A friend recently asked my advice about finding the right coworking space. She’s new to the concept of coworking but she wants to get away from working at home and coffee shops. She planned to tour a few local spaces and asked what she should look for. Here are some of the tips I shared with her:
When you walk into the space, does it feel welcoming? What’s your first impression? Is it stiff and impersonal or warm and human? Does the space feel like a place you’d like to hang out? You’re going to spend a lot of hours here, so look beyond the surface details of the space and ask yourself if it’s a place you could see becoming your home away from home.
2. Community Feel
Does the vibe of the space suit you? Is there a diverse, engaged group of people? Is it deathly quiet or are people connecting, chatting and working together?
3. Noise Levels
Some coworking spaces have music playing in the background, some have white noise, some are extremely quiet and some are buzzing with activity. Which of these do you prefer? If you struggle to focus with noise around you, or if quiet makes you uncomfortable, make sure the sound of the space will work for you. Keep in mind that noise levels change throughout the day so ask the community curator what the general tone is.
4. Event Offerings
In the interest of supporting and growing their communities, many coworking spaces feature events, including happy hours, workshops, presentations, hackathons, networking events, art openings and more. Take a look at the offerings and see if they speak to your interests, needs and skills you’d like to develop. You don’t have to go to all of them, but you should be able to tell from the schedule if the events generally held in the space are a good fit for you.
5. Seating Options
The best coworking spaces have a variety of seating options to accommodate different preferences and needs. If you like working at a community table, an individual desk and/or a standing desk, make sure the space has options that work for you.
Is the space buzzing with energy or kind of flat? That collective energy is one of the best things about coworking and, if it’s missing, it may signal a less-than-vibrant space.
7. Meeting rooms
Do you need a place to meet clients or make video calls? If so, make sure the space offers easy (and affordable) access to meeting rooms. In some spaces, you get a handful of free meeting room hours each month with your membership. You may not need this perk, but when you do, you’ll be glad you have it.
8. Phone Booths
Coworking spaces have different rules around making calls in the common space. Some frown on it, while others welcome it. Many spaces have phone booths or other areas you can duck into when you need to make a call. These are great for keeping private conversations private and not being the loud, rude person who’s exposing everyone to the details of their long call.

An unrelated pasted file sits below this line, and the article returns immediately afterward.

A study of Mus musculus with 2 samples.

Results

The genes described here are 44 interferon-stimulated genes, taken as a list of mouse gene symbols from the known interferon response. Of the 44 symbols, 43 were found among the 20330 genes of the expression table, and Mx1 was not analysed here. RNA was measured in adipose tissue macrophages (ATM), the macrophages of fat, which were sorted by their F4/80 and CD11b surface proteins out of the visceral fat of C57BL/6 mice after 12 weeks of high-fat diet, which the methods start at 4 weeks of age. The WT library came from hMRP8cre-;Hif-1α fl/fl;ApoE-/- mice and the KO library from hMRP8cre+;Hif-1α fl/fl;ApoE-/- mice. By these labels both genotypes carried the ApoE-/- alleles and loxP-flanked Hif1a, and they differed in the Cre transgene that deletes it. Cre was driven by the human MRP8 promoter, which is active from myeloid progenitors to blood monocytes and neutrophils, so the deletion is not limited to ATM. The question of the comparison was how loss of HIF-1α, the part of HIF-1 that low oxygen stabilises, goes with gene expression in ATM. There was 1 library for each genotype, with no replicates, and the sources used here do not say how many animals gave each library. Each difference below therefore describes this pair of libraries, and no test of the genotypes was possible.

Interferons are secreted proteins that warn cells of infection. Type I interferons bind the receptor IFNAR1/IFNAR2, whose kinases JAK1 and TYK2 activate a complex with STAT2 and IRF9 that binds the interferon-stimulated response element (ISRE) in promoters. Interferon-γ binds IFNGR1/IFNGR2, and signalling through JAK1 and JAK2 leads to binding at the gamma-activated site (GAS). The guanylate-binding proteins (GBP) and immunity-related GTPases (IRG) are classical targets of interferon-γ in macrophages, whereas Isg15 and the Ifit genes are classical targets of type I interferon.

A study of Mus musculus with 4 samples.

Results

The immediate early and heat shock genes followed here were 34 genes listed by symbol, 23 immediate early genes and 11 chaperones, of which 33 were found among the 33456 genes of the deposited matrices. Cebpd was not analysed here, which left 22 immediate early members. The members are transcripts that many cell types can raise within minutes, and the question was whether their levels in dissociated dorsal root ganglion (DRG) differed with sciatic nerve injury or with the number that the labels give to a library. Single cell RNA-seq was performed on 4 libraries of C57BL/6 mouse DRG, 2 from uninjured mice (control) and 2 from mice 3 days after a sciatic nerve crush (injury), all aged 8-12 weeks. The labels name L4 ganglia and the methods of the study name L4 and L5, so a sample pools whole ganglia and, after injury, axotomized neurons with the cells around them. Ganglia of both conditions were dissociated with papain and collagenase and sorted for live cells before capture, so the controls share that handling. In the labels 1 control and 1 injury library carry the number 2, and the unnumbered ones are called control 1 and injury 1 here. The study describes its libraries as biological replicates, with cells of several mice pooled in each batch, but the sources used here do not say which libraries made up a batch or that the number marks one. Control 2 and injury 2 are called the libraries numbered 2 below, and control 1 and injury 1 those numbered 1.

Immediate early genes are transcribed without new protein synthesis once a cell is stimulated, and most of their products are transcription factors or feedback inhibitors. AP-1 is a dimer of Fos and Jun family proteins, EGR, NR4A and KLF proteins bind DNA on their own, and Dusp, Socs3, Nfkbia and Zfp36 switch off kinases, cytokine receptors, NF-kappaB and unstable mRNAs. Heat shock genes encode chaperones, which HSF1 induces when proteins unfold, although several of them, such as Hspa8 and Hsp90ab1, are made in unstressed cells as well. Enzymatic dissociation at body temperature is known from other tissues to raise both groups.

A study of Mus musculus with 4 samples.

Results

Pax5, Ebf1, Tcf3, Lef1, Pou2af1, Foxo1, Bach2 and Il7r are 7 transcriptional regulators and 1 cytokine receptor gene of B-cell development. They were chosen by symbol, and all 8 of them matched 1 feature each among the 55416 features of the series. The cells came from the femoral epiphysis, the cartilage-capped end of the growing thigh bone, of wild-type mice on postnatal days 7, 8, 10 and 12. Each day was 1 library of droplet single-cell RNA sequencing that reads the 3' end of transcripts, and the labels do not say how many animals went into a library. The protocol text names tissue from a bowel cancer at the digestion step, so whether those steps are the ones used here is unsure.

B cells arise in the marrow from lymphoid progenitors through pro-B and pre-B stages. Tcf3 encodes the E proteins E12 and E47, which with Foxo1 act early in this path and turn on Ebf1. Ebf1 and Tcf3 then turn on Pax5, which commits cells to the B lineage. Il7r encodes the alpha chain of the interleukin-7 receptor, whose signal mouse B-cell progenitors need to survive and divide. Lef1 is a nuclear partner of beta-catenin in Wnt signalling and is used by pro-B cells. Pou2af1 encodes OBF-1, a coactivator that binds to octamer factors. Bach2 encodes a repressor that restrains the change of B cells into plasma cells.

9. Community Curator
Is there someone in the space making sure everything runs smoothly, answering questions, introducing new people to members, actively engaging the space, dealing with issues and connecting people? They may be called a host or community curator or cultivator or any number of other titles, but having someone there whose priority is cultivating community can be the difference between a so-so coworking environment and an outstanding one.
Is the space near things that are important to you: transit lines, good restaurants, a park, the library, a bike path? Everyone’s needs are different—make sure the location works for you and your needs.
While you can do analog work while coworking, having fast and reliable wifi is one of the absolute essentials in a coworking space. Not only is it frustrating to have spotty wifi when you’re working online, it’s impossible to stream or have video calls of any kind. You can ask the curators how their wifi is (or run a quick speed test of your own), but, better yet, ask one of the members coworking there. You’ll get an honest perspective on the reliability of the service.
Is there a kitchen in the space? Can you make your lunch there? Is there a fridge? Are there plates? Are these things important to you? For some, having a kitchen seals the deal on a space. For others, they can take it or leave it. My experience is that in coworking spaces, much like at parties, the kitchen becomes that place where authentic, human connection takes place. It’s hard to put on airs when you’re making a sandwich or cleaning your mug. I’ve overheard, and made, many great connections while standing in the kitchen of a coworking space.
This could be lumped into the kitchen category, but I’ll give coffee its own section. How important is coffee to you? Most spaces (all?) offer coffee, but the offerings range from junky bulk stuff that us coffee snobs turn our noses up at to delicious, locally roasted, craft blends…and everything in-between. Depending where you fall on the coffee snob scale, make sure that what they serve in the space is aligned with your tastes. It may seem like a small thing, but if you have to go out of the space to get a good cup of coffee every time you want one, that will grow old quickly. All of this goes for tea, as well.
Regardless of the coworking space, it will take you some time to find your place, connect with people and get familiar with everything. But if a space suits, not just who you are, but who you want to become, you may have found your new home space.
Coworking space operators: Every Thursday I send out the Coworking Out Loud Newsletter, with industry insights, interesting articles and content tips for coworking spaces. Join the community!